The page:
98-Year-Old Woman Has Been Selling Girl Scout Cookies Since 1932

Girl Scout cookies are amazing and I make sure I stock up on every variety when they come in season. I’m sure that most people would agree with me, but for Ronnie Backenstoe, it is an entirely different story. She has been Girl Scouting for 88 years and is still a troop member. At 98 years old, she still sells cookies.

Ronnie doesn’t knock on doors to sell her cookies. Rather, a table is set up in a retirement community in Pennsylvania, where she lives. Fresh boxes of cookies are brought by the troops as needed.

“Girl Scouting teaches you how to live,” Backenstoe told Good Morning America. “It guides you. They teach you what is right and what is wrong.”

You pay about five dollars per box for Girl Scout cookies, but it wasn’t always that way. When Ronnie got started back in the 1930s, you only paid $.15 per box.

“The little girls who I tell that to today, they giggle and laugh because [selling cookies for 15 cents] sounds so impossible, but it was the Depression,” she told GMA.

Ronnie says that there were only three types of Girl Scout cookies back in the day. Since selling cookies was relatively new, according to the Girl Scouts, it wasn’t unusual for troops to bake their own cookies and sell them. By the mid-1930s, commercial bakers were contracted by Girl Scout councils to increase production.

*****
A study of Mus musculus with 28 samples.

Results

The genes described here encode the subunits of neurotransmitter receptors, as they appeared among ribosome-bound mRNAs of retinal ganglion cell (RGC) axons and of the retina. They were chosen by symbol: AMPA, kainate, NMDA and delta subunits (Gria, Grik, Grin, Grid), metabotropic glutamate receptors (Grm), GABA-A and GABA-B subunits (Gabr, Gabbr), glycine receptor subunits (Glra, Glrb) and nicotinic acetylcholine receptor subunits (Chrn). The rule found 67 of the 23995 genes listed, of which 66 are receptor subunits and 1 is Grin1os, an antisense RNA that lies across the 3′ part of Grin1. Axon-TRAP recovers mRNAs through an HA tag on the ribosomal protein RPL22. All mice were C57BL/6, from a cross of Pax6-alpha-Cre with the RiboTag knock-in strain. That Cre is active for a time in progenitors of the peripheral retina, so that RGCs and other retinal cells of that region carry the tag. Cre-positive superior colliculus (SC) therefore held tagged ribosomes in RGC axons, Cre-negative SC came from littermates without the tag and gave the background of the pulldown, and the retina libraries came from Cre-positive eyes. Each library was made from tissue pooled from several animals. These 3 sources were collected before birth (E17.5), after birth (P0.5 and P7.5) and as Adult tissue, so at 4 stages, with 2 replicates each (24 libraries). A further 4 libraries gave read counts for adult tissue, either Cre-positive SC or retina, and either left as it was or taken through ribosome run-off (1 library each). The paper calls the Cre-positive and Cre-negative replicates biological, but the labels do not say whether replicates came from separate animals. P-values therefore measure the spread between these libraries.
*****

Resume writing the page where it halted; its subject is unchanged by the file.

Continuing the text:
You can get all types of Girl Scout cookies these days, including some that are gluten-free. The cookies are produced by commercial bakers licensed by the Girl Scouts. You can find the selling stand of the troop online, and it isn’t out of the question to have an online ordering system for these delicious cookies.

We live in a different world from what the world was like 88 years ago. Even though that is the case, Ronnie is still enthusiastic about Girl Scout fundraising events.

“You know many people say, ‘Oh, there’s not many in the box for that much money,’” Backenstoe told GMA. “Well, that’s not the purpose. The purpose is to teach the girls a little salesmanship, for one thing. They learn to balance their budgets. They learn to be courteous when they go to the doors and introduce themselves. It’s all that little detail.”

Believe it or not, she still loves the cookies.

“I could always eat some cookies,” she told WFMZ-TV.